What happened

After tumbling on Friday following a lousy earnings report from Canopy Growth (CGC -1.71%), shares of fellow Canadian marijuana stocks Tilray (TLRY -1.13%) and Aurora Cannabis (ACB -2.48%) -- and Canopy Growth, too -- are rebounding sharply today.

As of 11:30 a.m. ET, Tilray shares are gaining 10.2%, Aurora is up 12.3%, and Canopy Growth is doing best of all, jumping 16.4%.

So what

There's no obvious good news driving today's rally. The opposite is more accurate, with investment bank Piper Sandler coming out with a lower price target on Canopy -- $2.50 per share, down from $3 previously -- and an underweight rating to boot.

Indeed, in apparent contradiction to optimistic reports about Tilray last week, Piper Sandler is believes that the Canadian cannabis market is still under "pressure," reports The Fly. Sales at Canopy Growth fell 19% year over year in last week's fiscal Q1 report. Gross profit margin turned negative -- versus a 20% profit margin a year ago -- suffering from both "lower production output and price compression." And free cash flow became increasingly negative as well -- an "outflow" of $143 million, said management.  

Thus, it appears that Canopy's "deliberate business transition to focus on higher margin, premium and mainstream products" is not working out as planned. By extension, that implies it's not a viable way forward for Aurora or Tilray, either.

Now what

So why are investors bidding up marijuana stocks today in the absence of any change in last week's bad news, or of any new good news this week?

That's hard to say. Perhaps what we're seeing is a simple closing of short positions as investors who bet against Canopy and its cohorts last week buy back and return the shares they shorted to lock in their winnings. Alternatively, investors may be giving more credence to Tilray CEO Irwin Simon's assertion that "the U.S. is a $100 billion opportunity in cannabis." According to the CEO, 93% voter support for legalized medical marijuana in the U.S., along with 63% support for recreational pot, strongly suggests that legalization will come to the U.S. eventually.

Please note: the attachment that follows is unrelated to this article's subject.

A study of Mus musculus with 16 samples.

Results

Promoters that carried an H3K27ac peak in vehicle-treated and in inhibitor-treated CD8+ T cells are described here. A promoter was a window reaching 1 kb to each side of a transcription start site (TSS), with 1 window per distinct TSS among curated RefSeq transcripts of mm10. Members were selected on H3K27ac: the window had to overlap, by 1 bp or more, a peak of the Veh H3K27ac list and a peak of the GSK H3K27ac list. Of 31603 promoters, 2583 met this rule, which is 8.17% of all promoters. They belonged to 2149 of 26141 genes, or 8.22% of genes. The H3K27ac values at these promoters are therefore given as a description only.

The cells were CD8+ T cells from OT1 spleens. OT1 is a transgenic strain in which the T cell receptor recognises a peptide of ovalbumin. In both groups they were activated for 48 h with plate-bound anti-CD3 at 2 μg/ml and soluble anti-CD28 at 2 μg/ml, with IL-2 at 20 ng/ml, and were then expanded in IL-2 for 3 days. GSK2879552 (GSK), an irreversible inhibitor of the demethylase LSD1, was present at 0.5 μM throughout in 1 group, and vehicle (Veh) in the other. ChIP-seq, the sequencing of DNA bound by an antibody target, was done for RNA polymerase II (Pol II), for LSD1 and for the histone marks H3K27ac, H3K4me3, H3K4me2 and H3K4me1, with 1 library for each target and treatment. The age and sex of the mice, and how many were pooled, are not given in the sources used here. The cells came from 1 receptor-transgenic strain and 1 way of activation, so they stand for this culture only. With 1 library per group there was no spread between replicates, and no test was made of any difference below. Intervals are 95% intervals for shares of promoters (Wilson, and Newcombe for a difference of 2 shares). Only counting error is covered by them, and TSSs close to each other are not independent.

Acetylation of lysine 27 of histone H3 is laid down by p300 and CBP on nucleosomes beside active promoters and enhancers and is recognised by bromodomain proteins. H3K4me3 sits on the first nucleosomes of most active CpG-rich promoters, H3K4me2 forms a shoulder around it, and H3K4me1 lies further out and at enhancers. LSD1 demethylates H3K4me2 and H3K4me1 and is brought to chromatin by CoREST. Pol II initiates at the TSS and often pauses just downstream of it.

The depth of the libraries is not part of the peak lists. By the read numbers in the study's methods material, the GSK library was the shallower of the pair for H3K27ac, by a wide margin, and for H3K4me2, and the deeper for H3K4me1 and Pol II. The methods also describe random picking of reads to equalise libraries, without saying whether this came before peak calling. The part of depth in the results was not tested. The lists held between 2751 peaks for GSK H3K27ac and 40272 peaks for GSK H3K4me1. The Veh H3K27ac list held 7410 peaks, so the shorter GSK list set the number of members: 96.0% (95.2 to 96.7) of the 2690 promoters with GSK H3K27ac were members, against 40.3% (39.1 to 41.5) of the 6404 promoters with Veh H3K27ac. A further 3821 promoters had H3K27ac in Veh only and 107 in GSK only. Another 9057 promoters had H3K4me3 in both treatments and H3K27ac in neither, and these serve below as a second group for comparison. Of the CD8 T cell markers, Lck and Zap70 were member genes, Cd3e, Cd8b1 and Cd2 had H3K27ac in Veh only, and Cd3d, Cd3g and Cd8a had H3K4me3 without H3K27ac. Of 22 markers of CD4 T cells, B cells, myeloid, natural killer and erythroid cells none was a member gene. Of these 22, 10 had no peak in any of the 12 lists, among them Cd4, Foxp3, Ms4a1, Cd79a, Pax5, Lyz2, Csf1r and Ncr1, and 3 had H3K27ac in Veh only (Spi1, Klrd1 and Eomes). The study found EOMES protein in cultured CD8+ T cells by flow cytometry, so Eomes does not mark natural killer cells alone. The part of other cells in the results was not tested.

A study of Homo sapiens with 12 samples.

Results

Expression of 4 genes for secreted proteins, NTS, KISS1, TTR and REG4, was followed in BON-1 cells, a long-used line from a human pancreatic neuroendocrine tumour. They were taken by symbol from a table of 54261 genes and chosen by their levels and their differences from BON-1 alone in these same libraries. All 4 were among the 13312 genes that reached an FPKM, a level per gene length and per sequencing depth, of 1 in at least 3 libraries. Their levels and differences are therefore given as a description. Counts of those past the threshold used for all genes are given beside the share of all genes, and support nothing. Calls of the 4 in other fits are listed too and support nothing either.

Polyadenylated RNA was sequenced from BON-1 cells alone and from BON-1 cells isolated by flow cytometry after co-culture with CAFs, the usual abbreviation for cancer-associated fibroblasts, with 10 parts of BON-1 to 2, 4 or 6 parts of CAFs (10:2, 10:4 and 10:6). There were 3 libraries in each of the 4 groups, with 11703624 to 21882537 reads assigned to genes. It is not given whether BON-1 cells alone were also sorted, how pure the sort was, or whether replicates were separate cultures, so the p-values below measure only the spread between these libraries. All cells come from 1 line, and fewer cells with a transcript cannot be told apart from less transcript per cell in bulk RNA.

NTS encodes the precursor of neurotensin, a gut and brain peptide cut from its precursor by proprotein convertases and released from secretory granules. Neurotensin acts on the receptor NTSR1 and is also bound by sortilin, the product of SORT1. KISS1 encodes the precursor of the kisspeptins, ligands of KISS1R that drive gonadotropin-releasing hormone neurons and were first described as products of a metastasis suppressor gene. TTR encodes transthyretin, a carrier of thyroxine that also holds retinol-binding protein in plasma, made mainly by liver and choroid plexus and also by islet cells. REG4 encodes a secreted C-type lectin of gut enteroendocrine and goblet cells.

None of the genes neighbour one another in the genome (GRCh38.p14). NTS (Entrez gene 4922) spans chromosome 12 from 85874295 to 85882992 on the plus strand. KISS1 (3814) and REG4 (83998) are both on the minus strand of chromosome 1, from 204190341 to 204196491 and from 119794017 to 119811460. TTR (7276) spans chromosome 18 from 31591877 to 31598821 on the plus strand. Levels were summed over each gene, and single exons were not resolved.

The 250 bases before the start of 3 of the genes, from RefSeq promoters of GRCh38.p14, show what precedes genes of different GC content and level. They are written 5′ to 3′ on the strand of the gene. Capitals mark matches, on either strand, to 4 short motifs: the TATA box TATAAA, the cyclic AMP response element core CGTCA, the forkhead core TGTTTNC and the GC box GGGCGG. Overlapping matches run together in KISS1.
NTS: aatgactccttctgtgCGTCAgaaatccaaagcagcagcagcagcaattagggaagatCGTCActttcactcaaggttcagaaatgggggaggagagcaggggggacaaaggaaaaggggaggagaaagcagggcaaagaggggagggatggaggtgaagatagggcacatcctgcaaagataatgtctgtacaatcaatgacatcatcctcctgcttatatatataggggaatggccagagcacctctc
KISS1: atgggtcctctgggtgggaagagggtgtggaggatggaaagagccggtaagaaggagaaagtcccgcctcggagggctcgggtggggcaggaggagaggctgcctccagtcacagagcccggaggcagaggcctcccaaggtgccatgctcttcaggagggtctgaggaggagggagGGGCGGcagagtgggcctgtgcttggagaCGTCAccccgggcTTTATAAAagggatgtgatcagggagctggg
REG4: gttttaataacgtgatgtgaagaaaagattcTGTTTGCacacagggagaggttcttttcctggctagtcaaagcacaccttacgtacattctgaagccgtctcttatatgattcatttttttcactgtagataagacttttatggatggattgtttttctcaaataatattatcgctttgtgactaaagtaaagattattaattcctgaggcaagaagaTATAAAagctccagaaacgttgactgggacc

Problem is, in support his thesis, Simon cited Canada as an example of "the only country where adult-use cannabis is legal." However, Aurora, Canopy, and Tilray have not yet succeeded in parlaying that legal Canadian marijuana market into profits, even after years of trying. So while I agree with the CEO that legalization will probably happen in the U.S. -- and perhaps sooner than we think -- so far the data simply doesn't support the argument that legal weed will be the same thing as profitable weed for the marijuana companies.

With analysts continuing to warn that none of these Canadian pot companies has a chance of turning a profit before 2026 at the earliest, investors may be best advised to use today's spike in share prices as an opportunity to exit this sector -- not to buy more.